Among the regulations packed into the newest energy bill that just passed Congress this week, a ban on the incandescent light bulb will officially end what Edison started 130 years ago. “If you outlaw light bulbs, then only outlaws will have light bulbs,” says Libertarian Party Executive Director Shane Cory.
“The ban on incandescent light bulbs may seem almost comical,” says Cory, “but it raises several red flags on the level of government intrusion in people’s lives. From the toilets in your bathroom to the lights in your ceiling, there are very few consumer products free from some form of government regulation. I seriously doubt regulating light bulbs was intended to be a necessary-and-proper role of the federal government.”
The incandescent light bulb (also spelled lightbulb ) or incandescent lamp is a source of artificial light that works by incandescence. An electrical current passes through a thin filament , heating it until it produces light. The enclosing glass bulb prevents the oxygen in air from reaching the hot filament, which otherwise would be destroyed rapidly by oxidation. The operating principle of an incandescent lamp is similar to that of blackbody radiation.
Incandescent bulbs are also called electric lamps , a term originally applied to the original arc lamps. In the theater, television, and motion-picture industries, the incandescent lamps used in lighting instruments are sometimes referred to as globes, and light globe is also used widely in Australia and New Zealand to refer to incandescent lamps generally.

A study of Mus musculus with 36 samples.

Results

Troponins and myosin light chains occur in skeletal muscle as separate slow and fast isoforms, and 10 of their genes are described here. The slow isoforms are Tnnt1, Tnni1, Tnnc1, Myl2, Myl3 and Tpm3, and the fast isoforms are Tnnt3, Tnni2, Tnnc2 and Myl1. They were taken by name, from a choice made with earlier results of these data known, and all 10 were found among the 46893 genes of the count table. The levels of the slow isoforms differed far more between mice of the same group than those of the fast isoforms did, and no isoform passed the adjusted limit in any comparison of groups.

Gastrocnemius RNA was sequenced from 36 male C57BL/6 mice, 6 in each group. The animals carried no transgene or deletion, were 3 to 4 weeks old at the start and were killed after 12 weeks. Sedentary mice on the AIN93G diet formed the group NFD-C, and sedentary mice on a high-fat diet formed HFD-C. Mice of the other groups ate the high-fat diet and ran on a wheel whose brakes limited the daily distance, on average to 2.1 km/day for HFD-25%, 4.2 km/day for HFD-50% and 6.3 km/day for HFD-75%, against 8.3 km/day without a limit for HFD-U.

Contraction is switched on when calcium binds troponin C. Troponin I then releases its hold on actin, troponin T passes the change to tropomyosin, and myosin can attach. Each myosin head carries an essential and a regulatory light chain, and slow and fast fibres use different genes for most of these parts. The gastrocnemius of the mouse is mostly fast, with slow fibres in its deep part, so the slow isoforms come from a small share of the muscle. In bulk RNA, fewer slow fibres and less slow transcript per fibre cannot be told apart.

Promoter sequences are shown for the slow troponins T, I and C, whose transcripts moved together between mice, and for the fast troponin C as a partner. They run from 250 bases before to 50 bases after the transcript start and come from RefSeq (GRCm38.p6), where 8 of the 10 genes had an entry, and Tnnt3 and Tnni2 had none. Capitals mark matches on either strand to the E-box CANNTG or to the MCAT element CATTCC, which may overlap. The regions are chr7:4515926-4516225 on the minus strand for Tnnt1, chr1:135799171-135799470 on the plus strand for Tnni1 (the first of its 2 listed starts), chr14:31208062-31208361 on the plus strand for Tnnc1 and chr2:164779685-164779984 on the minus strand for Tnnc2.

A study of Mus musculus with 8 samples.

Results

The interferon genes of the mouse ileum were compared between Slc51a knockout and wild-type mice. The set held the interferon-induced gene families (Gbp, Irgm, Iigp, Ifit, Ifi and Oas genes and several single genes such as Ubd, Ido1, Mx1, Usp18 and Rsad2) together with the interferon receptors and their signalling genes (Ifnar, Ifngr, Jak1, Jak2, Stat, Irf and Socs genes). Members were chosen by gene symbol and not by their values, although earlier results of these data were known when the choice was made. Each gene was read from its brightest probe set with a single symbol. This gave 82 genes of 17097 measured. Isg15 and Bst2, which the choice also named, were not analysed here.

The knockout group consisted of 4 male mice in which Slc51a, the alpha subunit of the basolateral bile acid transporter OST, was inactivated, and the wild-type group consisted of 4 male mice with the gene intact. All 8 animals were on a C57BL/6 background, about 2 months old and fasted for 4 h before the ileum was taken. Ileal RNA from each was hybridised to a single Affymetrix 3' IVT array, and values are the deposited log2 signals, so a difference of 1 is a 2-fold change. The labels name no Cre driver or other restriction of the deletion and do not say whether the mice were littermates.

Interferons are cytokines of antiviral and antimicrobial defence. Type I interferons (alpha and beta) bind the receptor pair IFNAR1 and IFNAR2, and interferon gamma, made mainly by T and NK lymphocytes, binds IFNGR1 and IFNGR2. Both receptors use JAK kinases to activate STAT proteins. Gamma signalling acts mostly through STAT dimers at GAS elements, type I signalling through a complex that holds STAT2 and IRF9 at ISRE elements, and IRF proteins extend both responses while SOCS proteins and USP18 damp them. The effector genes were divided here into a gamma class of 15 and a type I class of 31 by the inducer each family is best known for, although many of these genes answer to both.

In addressing the question "Who invented the incandescent lamp?" historians Robert Friedel and Paul Israel list 22 inventors of incandescent lamps prior to Swan and Edison. They conclude that Edison's version was able to outstrip the others because of a combination of factors: an effective incandescent material, a higher vacuum than others were able to achieve and a high resistance lamp that made power distribution from a centralized source economically viable. Another historian, Thomas Hughes, has attributed Edison's success to the fact that he invented an entire, integrated system of electric lighting. "The lamp was a small component in his system of electric lighting, and no more critical to its effective functioning than the Edison Jumbo generator, the Edison main and feeder, and the parallel-distribution system. Other inventors with generators and incandescent lamps, and with comparable ingenuity and excellence, have long been forgotten because their creators did not preside over their introduction in a system of lighting."